NOSTALGIA: Burial ground unearthed in Chichester

The seventh century graves in the cemetery unearthed by archaeologists at East Marden. The cemetery dates from the late fifth century
The seventh century graves in the cemetery unearthed by archaeologists at East Marden. The cemetery dates from the late fifth century

A discovery of ‘international importance’ was made in Chichester in 1983.

A 1,500 year old burial ground containing hundeds of graves was unearthed on farmland near the city.

A bronze face mount which was found in one of the seventh century graves at East Marden

A bronze face mount which was found in one of the seventh century graves at East Marden

Archaeologists described the find as of international importance.

As they pored over coins, brooches, spearheads, rings, buckles and skeletons emerging from the chalky soil, they reported that the discovery was vital in filling a gap in the history books about what happened in a “dark age” after the Romans left the Chichester area and eight century Saxon occupation.

Mr Alec Down, director of excavations, said: “It puts a seal on all we have been trying to do for the last 25 years.”

A mass of fascinating finds were dug from the site at East Marden.

One woman was buried with a Roman coin behind her ear - indicating a Roman belief in taking the cash to pay the ferryman to transport the dead across the river to hell.

Another was buried with a bag with a walrus ivory handle and a purse containing Roman coins.

The remains of a sword scabbard were found with one “high status” man, and there is a mount decorated with filigree work including interlaced snakes.

Dr Down, who went on to describe the discoveries in detail at a public meeting in Chichester’s Asssembly Rooms, said that the cemetry dated from the late fifth to the seventh century.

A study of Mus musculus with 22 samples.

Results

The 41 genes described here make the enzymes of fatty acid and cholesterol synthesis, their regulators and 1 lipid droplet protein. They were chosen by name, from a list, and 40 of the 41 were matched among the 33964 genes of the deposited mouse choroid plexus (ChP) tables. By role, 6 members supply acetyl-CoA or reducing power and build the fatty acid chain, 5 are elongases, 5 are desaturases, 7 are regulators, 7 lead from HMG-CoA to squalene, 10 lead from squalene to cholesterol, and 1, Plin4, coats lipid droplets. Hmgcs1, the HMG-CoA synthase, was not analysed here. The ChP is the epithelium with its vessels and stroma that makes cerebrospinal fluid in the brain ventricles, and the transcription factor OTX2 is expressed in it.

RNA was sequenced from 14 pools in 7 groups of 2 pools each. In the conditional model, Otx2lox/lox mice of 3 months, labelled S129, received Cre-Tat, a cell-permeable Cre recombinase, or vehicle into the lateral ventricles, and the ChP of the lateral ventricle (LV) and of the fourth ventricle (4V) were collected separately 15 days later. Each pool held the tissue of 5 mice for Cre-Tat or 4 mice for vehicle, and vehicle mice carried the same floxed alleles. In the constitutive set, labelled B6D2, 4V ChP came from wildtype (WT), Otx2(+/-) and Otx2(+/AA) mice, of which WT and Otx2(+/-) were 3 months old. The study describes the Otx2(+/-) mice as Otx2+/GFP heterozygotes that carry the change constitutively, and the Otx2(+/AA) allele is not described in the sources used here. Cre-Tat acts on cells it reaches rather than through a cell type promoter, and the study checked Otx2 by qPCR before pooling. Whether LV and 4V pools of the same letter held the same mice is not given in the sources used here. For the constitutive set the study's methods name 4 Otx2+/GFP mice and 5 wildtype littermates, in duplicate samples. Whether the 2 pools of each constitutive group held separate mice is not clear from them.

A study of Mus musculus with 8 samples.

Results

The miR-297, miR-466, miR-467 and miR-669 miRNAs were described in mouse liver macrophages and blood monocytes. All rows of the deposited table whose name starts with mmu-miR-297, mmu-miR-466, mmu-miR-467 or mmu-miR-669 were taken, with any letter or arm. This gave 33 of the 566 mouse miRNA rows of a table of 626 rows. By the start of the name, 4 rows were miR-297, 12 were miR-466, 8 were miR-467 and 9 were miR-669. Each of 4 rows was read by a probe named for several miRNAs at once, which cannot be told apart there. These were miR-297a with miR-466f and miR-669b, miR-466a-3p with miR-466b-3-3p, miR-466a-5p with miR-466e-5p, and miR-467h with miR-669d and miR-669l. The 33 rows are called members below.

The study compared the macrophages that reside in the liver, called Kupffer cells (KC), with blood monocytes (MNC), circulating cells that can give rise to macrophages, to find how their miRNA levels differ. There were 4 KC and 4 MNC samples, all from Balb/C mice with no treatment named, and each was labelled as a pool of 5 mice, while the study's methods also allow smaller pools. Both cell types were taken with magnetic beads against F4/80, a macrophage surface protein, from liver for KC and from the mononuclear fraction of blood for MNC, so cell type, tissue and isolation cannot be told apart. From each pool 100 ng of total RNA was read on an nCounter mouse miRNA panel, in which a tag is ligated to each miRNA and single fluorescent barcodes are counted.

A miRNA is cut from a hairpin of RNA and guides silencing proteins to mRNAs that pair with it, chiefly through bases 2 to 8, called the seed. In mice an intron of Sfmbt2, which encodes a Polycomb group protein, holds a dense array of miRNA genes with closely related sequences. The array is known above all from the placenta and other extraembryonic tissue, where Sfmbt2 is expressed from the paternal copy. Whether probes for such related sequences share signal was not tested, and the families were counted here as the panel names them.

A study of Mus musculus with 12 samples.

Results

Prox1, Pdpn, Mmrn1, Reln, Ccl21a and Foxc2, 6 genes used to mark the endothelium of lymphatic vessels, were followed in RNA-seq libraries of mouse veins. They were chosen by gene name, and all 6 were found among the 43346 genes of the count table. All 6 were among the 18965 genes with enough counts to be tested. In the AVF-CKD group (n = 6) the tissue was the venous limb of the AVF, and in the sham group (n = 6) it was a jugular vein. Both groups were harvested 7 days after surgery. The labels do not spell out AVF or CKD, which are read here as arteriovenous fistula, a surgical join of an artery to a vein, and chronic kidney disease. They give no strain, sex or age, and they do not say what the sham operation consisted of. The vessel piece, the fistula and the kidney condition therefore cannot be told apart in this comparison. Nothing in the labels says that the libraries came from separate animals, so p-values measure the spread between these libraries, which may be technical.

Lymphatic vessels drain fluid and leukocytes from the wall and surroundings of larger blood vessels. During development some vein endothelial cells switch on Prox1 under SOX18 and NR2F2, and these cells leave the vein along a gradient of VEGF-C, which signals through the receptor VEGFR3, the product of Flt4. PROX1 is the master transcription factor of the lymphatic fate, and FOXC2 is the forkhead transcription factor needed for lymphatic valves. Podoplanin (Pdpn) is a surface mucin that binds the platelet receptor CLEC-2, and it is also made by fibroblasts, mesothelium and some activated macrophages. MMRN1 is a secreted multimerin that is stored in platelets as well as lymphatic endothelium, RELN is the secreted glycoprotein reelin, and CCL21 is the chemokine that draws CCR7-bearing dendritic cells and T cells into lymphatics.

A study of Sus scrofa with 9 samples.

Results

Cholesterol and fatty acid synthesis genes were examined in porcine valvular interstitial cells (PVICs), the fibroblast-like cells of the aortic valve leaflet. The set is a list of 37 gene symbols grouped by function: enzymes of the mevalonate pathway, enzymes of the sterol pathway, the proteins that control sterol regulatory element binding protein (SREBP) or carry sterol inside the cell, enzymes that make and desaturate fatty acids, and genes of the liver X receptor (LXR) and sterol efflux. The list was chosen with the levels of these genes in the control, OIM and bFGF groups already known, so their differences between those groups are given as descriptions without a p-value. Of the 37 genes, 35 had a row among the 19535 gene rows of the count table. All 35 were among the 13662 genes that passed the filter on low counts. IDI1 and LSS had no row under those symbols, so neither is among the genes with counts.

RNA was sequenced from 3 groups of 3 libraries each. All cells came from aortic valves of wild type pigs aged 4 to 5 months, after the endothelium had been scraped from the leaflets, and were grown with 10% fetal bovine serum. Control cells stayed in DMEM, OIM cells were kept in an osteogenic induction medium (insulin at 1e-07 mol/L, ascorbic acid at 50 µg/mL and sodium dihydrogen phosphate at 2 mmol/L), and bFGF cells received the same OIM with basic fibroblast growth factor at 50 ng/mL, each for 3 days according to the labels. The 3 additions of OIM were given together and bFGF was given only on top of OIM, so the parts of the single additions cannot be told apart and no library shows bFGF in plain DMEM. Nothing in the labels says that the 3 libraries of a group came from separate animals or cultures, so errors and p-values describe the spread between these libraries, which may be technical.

He said: “This period has always been pretty much a closed book in so far as the Saxon period is concerned around Chichester.”

Describing the site as of international importance, he said the need now was to find the settlement which would have been associated with the cemetery.

If this settlement could be found, they would have a rare opportunity of enlarging their knowledge of one of the most fascinating and little known aspects of our history.

One very important brooch found on the site was probably made in Denmark and suggested that the people were either Jutes or of Jutish extraction, rather than Saxons.

Such brooches were well known in Kent but not in this part of the country.

The gilt silver square-headed brooch, with an iron pin, was worn with a pair of copper saucer brooches ornamented with spirals, a copper alloy buckle, an iron knife, and four other iron objects.

Dr Down said that the site was discovered by a couple with a metal detector.

He said: “Luckily, they were responsible people operating with the full permission of the farmer.

“They reported their finds to the museum.”